7/18/2014

By DIANE GASPER-O'BRIEN

By DIANE GASPER-O'BRIEN

dobrien@dailynews.net

Part of being a good leader is showing others how to accept disappointment if you didn't accomplish one of your goals, then figure out ways to improve.

Lane Pfannenstiel learned at an early age how to set lofty goals, and he also has been a leader for fellow 4-H'ers since he was 11.

That's why it was business as usual for the 14-year-old Ellis County 4-H'er on Thursday when he finished as senior reserve champion in showmanship at the Ellis County Fair.

While reserve champion is right up there, it isn't grand champion, where Pfannenstiel had finished the past two years.

"It was a little disappointing not getting grand champion showman since I had the last two years," he said. "But I did the best I could, and you have to be happy with that."

That's the type of attitude 4-H'ers of all ages have come to expect from Pfannenstiel, who has had significant leadership roles in 4-H for several years.

Pfannenstiel, who will turn 15 on Tuesday, was just 11 when he was elected president of the Good Hope 4-H Club, a position he's had for four years running. He also is president of the Ellis County 4-H Council, the governing body for Ellis County 4-H clubs.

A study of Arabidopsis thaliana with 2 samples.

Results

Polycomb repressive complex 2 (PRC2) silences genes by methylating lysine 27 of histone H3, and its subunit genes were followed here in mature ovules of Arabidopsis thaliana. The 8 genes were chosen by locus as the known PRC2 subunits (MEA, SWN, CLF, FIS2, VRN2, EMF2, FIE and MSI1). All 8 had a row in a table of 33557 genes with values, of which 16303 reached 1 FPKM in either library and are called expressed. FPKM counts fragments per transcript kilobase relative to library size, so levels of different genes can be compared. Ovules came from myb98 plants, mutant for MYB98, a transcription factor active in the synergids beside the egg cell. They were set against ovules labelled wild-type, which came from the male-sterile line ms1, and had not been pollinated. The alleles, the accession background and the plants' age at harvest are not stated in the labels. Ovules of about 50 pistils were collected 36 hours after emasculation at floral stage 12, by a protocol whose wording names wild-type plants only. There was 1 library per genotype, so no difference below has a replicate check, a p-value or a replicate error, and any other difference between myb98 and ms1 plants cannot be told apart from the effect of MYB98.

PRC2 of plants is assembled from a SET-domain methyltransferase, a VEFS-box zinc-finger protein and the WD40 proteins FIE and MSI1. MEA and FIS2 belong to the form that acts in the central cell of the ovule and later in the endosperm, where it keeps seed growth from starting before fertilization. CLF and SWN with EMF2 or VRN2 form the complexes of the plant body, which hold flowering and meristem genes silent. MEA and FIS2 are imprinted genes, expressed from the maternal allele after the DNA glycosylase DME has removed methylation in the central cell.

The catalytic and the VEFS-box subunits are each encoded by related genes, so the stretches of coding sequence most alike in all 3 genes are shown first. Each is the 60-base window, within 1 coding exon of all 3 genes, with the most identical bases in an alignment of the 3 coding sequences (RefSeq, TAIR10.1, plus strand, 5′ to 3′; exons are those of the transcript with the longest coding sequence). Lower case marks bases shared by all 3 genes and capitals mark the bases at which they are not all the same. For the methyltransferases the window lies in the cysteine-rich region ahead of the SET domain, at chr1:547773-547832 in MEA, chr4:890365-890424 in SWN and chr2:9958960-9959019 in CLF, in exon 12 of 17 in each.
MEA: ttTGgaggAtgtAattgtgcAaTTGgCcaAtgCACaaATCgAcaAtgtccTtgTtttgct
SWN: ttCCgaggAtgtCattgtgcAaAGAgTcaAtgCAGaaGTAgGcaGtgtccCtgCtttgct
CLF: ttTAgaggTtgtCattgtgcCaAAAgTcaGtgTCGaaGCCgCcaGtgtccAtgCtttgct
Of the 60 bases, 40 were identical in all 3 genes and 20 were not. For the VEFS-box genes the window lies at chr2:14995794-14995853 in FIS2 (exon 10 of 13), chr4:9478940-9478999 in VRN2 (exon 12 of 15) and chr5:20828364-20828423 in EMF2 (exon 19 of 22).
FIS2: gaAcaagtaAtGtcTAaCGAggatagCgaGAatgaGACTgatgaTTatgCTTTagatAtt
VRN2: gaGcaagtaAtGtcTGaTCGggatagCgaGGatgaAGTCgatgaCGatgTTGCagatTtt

"He definitely follows the line of the first child, having those leadership qualities," said Susan Schlichting, 4-H youth Extension agent for Ellis County. "He's done a great job."

Pfannenstiel, the oldest of three children of Clint and Jill Pfannenstiel of Antonino, also is involved in FFA at Hays High School, where he will be a sophomore this fall.

He said involvement in both FFA and 4-H has been beneficial, "really helps with being a leader."

As president of the 4-H Council, Pfannenstiel helped plan an inaugural midweek dance for 4-H'ers on Wednesday at the fair and a T-shirt fundraiser for a new 4-H foodstand at the fairgrounds, and continues to try to lead by example while facing challenges of any leader.

"Sometimes kids don't want to participate, and that bugs me," he said. "I want to get everybody in the loop, because that keeps everyone involved."

Pfannenstiel ended this year's competition at the fair on a good note.

His Simmental heifer was judged grand champion of its class, and he earned overall champion market steer honors for a third consecutive year.

"There's a lot of pressure, having won it two straight years before," he said. "But you just have to keep working and try to improve all the time."